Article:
Judge shares 9/11 trial experience
Written by Rachel Brown|
January 24, 2013
When “The Death Guy” came to give a presentation at the College of William and Mary Marshall-Wythe School of Law, the audience was prepared for a killer speech.
Judge David J. Novak, also known as “The Death Guy” for his role in numerous death penalty cases, visited the law school Jan. 22 to give a presentation about the prosecution of Zacarias Moussaoui, who was involved in the 9/11 terrorist attacks and is thus far the only convicted plotter. Novak is a U.S. Magistrate Judge for the Eastern District of Virginia and had an important part in the Moussaoui prosecution as an attorney.
Novak began his speech by providing some basic facts about the Moussaoui case. Osama bin Laden had Moussaoui enrolled in jet training so he could fly a plane during the terrorist attacks, but because Moussaoui was involved in suspicious activity, flight instructor Clancy Prevost began an investigation. Despite evidence demonstrating that Moussaoui was most likely a terrorist, he was arrested Aug. 16, 2001 by the FBI for another reason: His visa had expired.
Had Moussaoui told the truth to the FBI when he was questioned about his terrorist involvement, the 9/11 attacks might have been prevented, and Moussaoui may not have been sentenced. Instead, Novak said Moussaoui told them he wanted to be a recreational pilot and that money from an import/export business was funding his education.
“When somebody told me they were involved in the import/export business, that’s like putting on neon lights [saying] ‘I am a crook,’” Novak said. “He can’t describe who his friends are, where he [got] the money and all this kind of stuff, and it’s just lie after lie after lie.”
Even though all the evidence pointed to his involvement in a terrorist organization, Moussaoui was in prison on Sept. 11, so he was not directly involved in the attacks that day.
This meant that Novak needed to attack him on other grounds. Novak convinced the jurors that 9/11 could have been prevented had Moussaoui been honest with the FBI during the investigation. To put the devastating effects of the terrorist attacks in perspective for the jurors, Novak met with families who had lost loved ones on 9/11, inviting them to express their views.
“Our job as litigators is to tell a story, and we had to tell the story of what happened on 9/11 in the most efficient way we could,” Novak said.
At the end of the trial, Moussaoui did not receive the death penalty because one juror opposed the punishment. In capital punishment cases, a single juror may prevent the death penalty for the sentence to be halted. Instead, Moussaoui is serving a life sentence in prison.
Greg Parker ’16 shared his thoughts on Novak’s presentation.
“I definitely learned a lot,” Parker said. “I didn’t really know too much in depth about 9/11, and he helped me learn more about it.”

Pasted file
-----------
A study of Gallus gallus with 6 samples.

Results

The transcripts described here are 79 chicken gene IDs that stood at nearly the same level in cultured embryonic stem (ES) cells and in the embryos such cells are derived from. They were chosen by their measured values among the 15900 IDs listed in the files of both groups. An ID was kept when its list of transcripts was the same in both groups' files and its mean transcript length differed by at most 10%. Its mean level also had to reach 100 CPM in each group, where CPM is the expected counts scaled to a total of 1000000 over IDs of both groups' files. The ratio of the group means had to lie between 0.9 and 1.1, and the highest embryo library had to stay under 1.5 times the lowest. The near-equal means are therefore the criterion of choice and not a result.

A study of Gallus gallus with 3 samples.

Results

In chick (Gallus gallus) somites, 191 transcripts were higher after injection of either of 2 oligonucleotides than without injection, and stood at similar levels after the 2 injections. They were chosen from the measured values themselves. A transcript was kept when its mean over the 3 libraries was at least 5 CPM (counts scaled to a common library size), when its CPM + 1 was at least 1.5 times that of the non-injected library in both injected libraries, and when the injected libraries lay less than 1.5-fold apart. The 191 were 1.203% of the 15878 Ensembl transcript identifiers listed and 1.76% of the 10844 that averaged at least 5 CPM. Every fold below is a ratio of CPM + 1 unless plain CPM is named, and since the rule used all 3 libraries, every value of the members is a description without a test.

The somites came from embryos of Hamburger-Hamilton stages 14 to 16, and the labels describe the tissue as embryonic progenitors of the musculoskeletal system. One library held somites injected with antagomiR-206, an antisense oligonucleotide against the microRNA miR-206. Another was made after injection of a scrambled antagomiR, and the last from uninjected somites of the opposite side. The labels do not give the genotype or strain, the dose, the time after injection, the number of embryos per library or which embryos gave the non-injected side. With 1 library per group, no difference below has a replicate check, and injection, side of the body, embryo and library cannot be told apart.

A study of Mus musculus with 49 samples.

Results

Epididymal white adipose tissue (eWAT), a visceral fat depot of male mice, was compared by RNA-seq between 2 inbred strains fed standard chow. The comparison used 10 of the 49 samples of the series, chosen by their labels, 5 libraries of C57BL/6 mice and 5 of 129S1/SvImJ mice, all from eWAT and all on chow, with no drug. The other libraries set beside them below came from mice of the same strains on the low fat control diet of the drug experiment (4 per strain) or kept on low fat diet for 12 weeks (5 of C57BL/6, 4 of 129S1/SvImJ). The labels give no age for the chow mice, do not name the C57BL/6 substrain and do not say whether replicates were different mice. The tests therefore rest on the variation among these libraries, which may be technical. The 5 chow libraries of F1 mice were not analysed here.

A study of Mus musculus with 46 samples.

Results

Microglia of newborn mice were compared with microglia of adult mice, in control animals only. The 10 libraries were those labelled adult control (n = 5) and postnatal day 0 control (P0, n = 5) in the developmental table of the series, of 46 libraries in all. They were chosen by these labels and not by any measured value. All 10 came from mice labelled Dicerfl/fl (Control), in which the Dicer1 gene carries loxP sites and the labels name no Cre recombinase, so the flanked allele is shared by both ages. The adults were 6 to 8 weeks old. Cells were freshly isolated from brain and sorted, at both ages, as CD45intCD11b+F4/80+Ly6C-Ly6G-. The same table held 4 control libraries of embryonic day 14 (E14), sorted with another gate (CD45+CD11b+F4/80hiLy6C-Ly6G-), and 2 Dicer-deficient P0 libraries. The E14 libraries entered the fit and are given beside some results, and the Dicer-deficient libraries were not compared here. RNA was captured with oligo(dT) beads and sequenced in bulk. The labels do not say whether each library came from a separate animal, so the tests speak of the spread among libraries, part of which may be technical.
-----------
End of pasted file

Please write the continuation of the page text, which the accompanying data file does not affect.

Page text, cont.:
Parker thought that Moussaoui had crossed the line and deserved the death penalty.
“I thought [Novak] explained [the death penalty] very well,” Parker said. “There needs to be a line drawn about who gets the death penalty and who doesn’t.”
Kathleen Imbriglia J.D. ’14, president of the Human Security Law Society, enjoyed Novak’s presentation.
“I thought it [Novak’s presentation] was absolutely wonderful,” Imbriglia said. “There were obviously people who worked very intimately with the case, and we saw the human element to it … that was great how he set everything up so that it was easy for all of us to follow and see exactly what was going on.”
Imbriglia said that the Human Security Law Society is planning to bring more speakers of Novak’s caliber to the College this spring.
At the end of his presentation, Novak played sound clips of communication that occurred as the planes were hijacked by terrorists. Shouts of “mayday” were heard from one plane and flight attendant Betty Ong explained that someone had been stabbed in the business class section. Passenger CeeCee Lyles left a message on the answering machine for her husband and children telling them that she loved them and hoped to see their faces again. She never did.
According to Novak, stories such as these are what sent Moussaoui to prison.
“I believe the hidden secret is not the quantity of people that were killed but the quality,” Novak said. “Think about the folks that were on Flight 93 who rushed to take over that plane. They saved the White House … One of the guys was about to be a surgeon general. There were scientists on there who were about to invent cures to different diseases. And so one of the reasons I like to give this talk is to remind folks that this case is not about the number 3,000. It’s about specific, very wonderful and special people who were murdered, and I think sometimes they lose sight of that.”